Before you go

Information Standard

If a young person or child has to travel abroad for proton beam therapy, NHS England recommends you use this checklist to make sure you have everything ready.

Parent's checklist

  • Passports up to date with six months travel time remaining?
  • Electronic System for Travel Authorisation (ESTA) visa completed at least 72 hours before departure (USA only)?
  • European Health Insurance Card (EHIC) (Europe only)?
  • Flight arrangements confirmed?
  • Travel insurance confirmed?
  • Three-month supply of all regularly prescribed medications?
  • Any documentation or correspondence that contains information about your proton beam therapy treatment and accommodation details (copies of such correspondence or confirmation may be required by Customs and Immigration or Passport Control)?
  • Driving licence (photocard and paper counterpart) if planning to drive? 
    If you are travelling to the USA and intend to drive, make sure you get an International Driving Permit - you can buy one of these from the Post Office).
  • Travel adapters for electrical items?
  • If you are travelling with a small child, do you need a car seat? You should liaise with USA treatment centres as they organise them for many families.
  • Have you notified your local NHS trust or arranged a supply of any special dietary requirements such as baby formula during your stay abroad?
  • Have you notified your local NHS trust if you or your family has been exposed to any illnesses in the last two months, such as chicken pox?
  • If a young person or child needs a feeding pump, or has a tracheostomy, have you checked that the proton centre’s equipment is compatible?
  • If you need to carry more than 100ml of liquids on the flight (such as liquid foods or medicines) have you got a letter from your child’s consultant that states this is for medical reasons? (Your local NHS trust can give you further advice about travelling with any medicines or medical equipment.)
  • Have you informed your bank that you are staying abroad?
  • Have you changed an appropriate amount of money? Exchanging money in the USA can be difficult, so if you are travelling there for proton beam therapy, make sure you exchange money in the UK.

Top tips

We asked young people and parents of children who have travelled abroad for proton beam therapy for their top tips – here’s what they told us.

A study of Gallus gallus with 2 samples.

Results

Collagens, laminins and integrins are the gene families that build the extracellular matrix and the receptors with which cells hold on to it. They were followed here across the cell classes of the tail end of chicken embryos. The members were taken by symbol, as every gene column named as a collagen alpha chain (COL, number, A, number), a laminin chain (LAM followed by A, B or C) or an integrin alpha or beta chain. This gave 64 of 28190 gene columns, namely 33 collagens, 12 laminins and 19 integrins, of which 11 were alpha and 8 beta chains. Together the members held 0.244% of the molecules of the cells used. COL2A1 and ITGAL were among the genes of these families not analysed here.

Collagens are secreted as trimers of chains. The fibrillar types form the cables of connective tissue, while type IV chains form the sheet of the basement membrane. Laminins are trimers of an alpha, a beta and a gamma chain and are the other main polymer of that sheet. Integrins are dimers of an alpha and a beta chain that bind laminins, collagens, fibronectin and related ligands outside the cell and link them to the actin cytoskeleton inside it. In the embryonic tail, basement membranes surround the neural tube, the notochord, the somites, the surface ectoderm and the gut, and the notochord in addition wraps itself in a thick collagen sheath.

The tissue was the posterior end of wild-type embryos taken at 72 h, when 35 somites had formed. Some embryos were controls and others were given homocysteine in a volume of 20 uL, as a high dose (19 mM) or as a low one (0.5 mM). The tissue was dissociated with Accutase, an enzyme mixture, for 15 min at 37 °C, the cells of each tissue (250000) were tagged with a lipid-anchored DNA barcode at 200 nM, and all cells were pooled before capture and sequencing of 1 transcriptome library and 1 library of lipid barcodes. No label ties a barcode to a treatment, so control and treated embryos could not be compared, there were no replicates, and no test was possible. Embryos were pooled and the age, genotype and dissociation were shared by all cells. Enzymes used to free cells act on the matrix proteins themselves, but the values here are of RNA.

• Before you go, try to make contact with another UK family who has experienced proton beam therapy via the Facebook support group, your CLIC Sargent Social Worker or your radiographer
  • Don’t do it on your own! Involve family and friends, and have them stay with you if possible.
  • Don’t take electrical items like hairdryers to the USA with you, as the power output is weaker than in the UK. These can be bought cheaply at local shops.
  • If you are flying, make sure you have plenty of time between flight transfers, or stay overnight and get a connecting flight the following morning
  • Be prepared for long immigration queues when arriving in the USA
  • Ask friends and family to help with fundraising to cover living costs and any loss of income while you are away
  • Attend as many social events for families as possible at the proton centre to make contacts and help you feel at ease
  • Make contact with the proton centre via email before you leave if there are any specific questions that your doctor in the UK can’t answer
  • If you are using a hire car in the USA, ask the proton centre if they have satnavs you can borrow or buy one out there – it may work out cheaper than hiring one
  • Make sure you install Skype on your phone, iPad or laptop before you go and ask your friends and family at home to install it too - it’s a good way to stay in touch
  • If you are travelling to the USA, buy a pre-pay phone as soon as you get there – it’s cheaper and you’ll need it to stay in touch with the proton centre
  • Keep correspondence containing information about your accommodation with you – it may be useful at customs and immigration.

July 2013, next planned review 2014.